News24 reported this week that Eskom failed to install flue gas desulphurisation technology at its Medupi power plant, potentially endangering the lives of thousands of people through pollution. The technology forms part of several projects that Eskom committed to as part of a bundle of World Bank loans, to reduce its greenhouse gas emissions. Many of these are years behind schedule.
News24 asked Eskom whether it could commit to prioritising all of its emissions reduction commitments, including its commitments to the World Bank. We also asked Eskom to comment on whether it takes seriously its obligations to reduce its emissions, in light of the climate crisis. Eskom, through its media desk, said it has a comprehensive plan to address climate change and the power utility’s part in it.
In the interests of fairness, we publish Eskom’s full response below.
“Eskom has a comprehensive Climate Change strategy that addresses mitigation (emissions reductions) and adaptation (how to deal with the impacts of changes to the climate on our infrastructure and people). Currently, there is no commercially available ‘end-of-pipe’ technology available to reduce greenhouse gases (viz. carbon dioxide, nitrous oxide and methane) emissions from coal-fired power stations. While there is an end-of-pipe technology under development internationally, called ‘Carbon Capture and Storage’ or ‘CCS’, it is only expected to be commercially available between 2025 and 2035.
Eskom supports the South African Centre for Carbon Capture and Storage based in the South African National Energy Development Institute (Sanedi) which is currently progressing with characterisation of potential storage areas in South Africa and planning a pilot injection. Nonetheless, this is expected to be a long term solution, with existing international demonstration plants proving to be very expensive. In the absence of end-of-pipe technology, there are few opportunities to reduce the carbon footprint of existing coal-fired power stations.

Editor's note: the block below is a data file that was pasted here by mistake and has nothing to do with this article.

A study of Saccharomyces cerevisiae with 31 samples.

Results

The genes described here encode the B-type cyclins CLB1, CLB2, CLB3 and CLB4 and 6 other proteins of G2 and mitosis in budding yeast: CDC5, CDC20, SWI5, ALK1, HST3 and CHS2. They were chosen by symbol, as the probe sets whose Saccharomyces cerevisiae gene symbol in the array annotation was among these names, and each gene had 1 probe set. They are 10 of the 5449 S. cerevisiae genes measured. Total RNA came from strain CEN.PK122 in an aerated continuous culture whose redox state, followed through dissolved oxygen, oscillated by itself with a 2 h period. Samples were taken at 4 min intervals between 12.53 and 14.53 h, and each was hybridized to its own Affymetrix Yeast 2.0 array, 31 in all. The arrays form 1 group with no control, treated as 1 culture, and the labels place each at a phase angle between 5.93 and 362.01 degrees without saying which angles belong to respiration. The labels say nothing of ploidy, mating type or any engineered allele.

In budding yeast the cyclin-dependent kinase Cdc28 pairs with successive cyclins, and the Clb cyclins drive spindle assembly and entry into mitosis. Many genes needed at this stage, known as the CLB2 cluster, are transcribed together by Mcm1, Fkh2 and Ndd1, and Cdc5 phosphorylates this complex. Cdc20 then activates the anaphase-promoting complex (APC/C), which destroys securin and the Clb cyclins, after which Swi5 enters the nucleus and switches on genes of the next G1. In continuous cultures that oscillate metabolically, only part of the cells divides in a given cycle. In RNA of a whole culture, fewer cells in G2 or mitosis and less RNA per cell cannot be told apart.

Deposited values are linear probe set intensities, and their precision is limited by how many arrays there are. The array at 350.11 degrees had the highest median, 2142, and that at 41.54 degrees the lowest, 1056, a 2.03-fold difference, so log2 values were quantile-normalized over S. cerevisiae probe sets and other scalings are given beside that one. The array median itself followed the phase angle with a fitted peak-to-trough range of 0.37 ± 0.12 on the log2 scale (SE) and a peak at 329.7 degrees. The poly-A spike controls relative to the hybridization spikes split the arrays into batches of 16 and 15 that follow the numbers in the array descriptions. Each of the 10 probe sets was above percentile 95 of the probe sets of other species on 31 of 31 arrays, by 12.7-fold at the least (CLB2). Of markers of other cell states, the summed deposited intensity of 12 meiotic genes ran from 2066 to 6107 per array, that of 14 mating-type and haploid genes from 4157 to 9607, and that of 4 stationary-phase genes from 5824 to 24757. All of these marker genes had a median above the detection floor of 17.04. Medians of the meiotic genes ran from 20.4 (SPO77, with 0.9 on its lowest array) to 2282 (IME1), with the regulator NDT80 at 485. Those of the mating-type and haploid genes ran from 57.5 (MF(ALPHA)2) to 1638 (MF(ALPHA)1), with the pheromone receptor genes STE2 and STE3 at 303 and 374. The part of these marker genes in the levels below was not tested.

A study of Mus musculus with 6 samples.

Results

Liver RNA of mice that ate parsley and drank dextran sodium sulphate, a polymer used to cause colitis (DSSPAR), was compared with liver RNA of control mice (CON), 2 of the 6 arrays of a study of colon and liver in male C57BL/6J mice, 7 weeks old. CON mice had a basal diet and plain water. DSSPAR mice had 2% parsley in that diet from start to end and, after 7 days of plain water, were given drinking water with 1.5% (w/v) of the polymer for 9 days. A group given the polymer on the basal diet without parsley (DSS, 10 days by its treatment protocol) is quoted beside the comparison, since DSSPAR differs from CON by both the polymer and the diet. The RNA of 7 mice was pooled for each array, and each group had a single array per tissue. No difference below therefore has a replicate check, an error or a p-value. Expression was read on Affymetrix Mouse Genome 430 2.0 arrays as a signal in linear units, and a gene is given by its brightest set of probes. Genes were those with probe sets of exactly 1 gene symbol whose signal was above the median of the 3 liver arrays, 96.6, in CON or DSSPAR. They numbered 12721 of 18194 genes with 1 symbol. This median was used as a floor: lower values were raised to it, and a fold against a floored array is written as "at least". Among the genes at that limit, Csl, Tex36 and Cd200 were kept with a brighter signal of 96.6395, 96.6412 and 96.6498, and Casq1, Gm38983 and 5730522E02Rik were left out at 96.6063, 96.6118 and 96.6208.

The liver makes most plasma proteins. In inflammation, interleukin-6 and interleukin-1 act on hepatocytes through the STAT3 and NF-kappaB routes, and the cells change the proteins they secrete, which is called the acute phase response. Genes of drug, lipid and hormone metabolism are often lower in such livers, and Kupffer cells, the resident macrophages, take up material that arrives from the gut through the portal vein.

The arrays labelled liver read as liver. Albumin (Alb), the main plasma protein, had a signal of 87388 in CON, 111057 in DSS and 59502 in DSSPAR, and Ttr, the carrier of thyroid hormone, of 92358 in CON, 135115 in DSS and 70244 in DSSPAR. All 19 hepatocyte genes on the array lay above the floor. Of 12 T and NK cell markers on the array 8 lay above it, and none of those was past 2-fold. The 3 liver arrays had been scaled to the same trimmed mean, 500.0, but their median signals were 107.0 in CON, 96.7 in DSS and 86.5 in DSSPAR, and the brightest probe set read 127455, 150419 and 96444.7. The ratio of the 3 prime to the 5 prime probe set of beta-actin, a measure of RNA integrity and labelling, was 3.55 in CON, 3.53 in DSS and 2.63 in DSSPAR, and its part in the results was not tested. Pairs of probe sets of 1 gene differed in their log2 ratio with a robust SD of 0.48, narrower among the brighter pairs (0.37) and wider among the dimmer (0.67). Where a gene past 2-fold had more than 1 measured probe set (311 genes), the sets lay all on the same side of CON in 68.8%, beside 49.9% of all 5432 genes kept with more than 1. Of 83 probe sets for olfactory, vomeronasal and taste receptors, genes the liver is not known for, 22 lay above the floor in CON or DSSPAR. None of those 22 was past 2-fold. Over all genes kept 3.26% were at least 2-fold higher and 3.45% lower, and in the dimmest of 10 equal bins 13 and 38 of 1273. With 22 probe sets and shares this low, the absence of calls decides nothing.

However, one area that receives attention is that of thermal efficiency. Technology developments have enabled new coal-fired power stations to be designed and built to run at higher pressures and temperatures (supercritical conditions) which has a greater efficiency than subcritical power stations. A 1% improvement in efficiency, reduces CO2 emissions by approximately 2%. However, it is not easy (or cheap) to retrofit supercritical technology as one basically has to scrap the existing boiler and replace it. Currently, the most effective way to reduce greenhouse gas emissions from the electricity sector is to encourage more efficient electricity use (customer-based efficiency improvements) or to diversify the electricity supply away from coal towards lower-carbon technologies (nuclear, hydro, renewables and gas).
Eskom has proceeded with delivering demand management savings, the build programme (Medupi and Kusile power stations employ supercritical designs) as well as Ingula Pumped Storage Scheme, the roll out of photovoltaic plants to supplement generation at existing coal-fired power station sites, the operation of Sere (100MW windfarm) and many research initiatives, from rural microgrid and smartgrid applications to wave energy to electric vehicle testing. Eskom Transmission has also enabled the connection of over 3 000MW renewable energy projects to the national grid. All of these initiatives are in place to reduce our relative greenhouse gas emissions, however, we can only reduce our absolute greenhouse gas emissions by shutting down coal plant[s].
This is not something we can afford to do – overnight – as a company and a country. While Eskom is committed to transition from coal to lower carbon technologies such as renewables, we are just as committed to seeing that this transition occurs in a ‘just’ manner, which does not impede socio-economic development. We are currently working on a low emissions development strategy for the organisation that will feed into the government’s low emission development strategy and will be aligned with South Africa’s commitment to the Paris Agreement. Climate Change is a Priority 1 Risk for Eskom, meaning that policy, strategy and initiatives to deal with climate change are managed and approved at ExCo and Board level. Further, Eskom actively participates in national processes run by the Department of Environment, Fisheries and Forestry and the National Treasury, to report and limit future greenhouse gas emissions.”